A Swiss laboratory says that at the time of his 2004 death, the Palestinian leader’s body contained high levels of polonium, the radioactive element which killed Russian spy-turned-dissident Alexander Litvinenko after it was slipped into his tea at a London restaurant in 2006. Via Al Jazeera:
Eight years after his death, it remains a mystery exactly what killed the longtime Palestinian leader. Tests conducted in Paris found no obvious traces of poison in Arafat’s system. Rumors abound about what might have killed him – cancer, cirrhosis of the liver, even allegations that he was infected with HIV.
A nine-month investigation by Al Jazeera has revealed that none of those rumors were true: Arafat was in good health until he suddenly fell ill on October 12, 2004.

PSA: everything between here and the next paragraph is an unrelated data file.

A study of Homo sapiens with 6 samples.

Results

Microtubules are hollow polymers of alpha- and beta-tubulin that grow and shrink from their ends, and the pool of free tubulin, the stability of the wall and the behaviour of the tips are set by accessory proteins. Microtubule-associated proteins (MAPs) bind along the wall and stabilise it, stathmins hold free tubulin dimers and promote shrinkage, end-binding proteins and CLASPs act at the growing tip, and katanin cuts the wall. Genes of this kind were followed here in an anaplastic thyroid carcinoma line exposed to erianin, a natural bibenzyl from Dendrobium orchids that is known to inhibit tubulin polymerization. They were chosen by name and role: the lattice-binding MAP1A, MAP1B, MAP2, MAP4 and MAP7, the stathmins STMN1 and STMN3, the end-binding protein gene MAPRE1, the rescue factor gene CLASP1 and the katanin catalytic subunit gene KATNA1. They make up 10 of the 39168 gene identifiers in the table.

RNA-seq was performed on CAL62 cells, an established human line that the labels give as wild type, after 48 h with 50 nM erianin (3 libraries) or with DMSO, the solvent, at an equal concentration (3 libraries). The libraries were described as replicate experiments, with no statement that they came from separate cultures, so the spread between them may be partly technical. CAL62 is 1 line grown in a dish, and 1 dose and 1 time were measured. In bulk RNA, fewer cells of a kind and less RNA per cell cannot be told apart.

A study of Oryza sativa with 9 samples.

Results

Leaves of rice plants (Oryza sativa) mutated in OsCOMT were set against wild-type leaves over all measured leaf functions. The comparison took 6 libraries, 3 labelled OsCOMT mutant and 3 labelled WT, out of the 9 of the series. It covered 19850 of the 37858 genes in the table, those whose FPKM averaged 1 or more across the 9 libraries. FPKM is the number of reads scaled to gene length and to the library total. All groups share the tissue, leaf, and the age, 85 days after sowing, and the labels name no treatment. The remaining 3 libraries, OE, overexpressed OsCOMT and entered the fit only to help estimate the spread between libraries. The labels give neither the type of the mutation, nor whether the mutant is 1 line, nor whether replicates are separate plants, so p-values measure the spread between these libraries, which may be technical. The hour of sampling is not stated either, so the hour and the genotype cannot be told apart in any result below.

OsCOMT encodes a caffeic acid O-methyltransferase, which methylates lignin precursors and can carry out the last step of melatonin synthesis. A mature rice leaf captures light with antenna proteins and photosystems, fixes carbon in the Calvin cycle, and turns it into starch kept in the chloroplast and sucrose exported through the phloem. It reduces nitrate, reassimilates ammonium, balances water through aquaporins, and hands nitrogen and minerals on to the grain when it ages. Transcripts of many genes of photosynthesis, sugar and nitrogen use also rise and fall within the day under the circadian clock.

More importantly, tests [at the Institut de Radiophysique in Lausanne, Switzerland] reveal that Arafat’s final personal belongings – his clothes, his toothbrush, his iconic kaffiyeh – contained abnormal levels of polonium, a rare, highly radioactive element. “I can confirm to you that we measured an unexplained, elevated amount of unsupported polonium-210 in the belongings of Mr. Arafat that contained stains of biological fluids,” said Dr. Francois Bochud, the director of the institute.
The findings have led Suha Arafat, his widow, to ask the Palestinian Authority to exhume her late husband’s body from its grave in Ramallah. If tests show that Arafat’s bones contain high levels of polonium, it would be more conclusive proof that he was poisoned, doctors say.
Polonium’s most famous victim was Alexander Litvinenko, the Russian spy-turned-dissident who died in London in 2006 after a lingering illness. A British inquiry found that he was poisoned with polonium slipped into his tea at a sushi restaurant.
At least two people connected with Israel’s nuclear program also reportedly died after exposure to the element, according to the limited literature on the subject.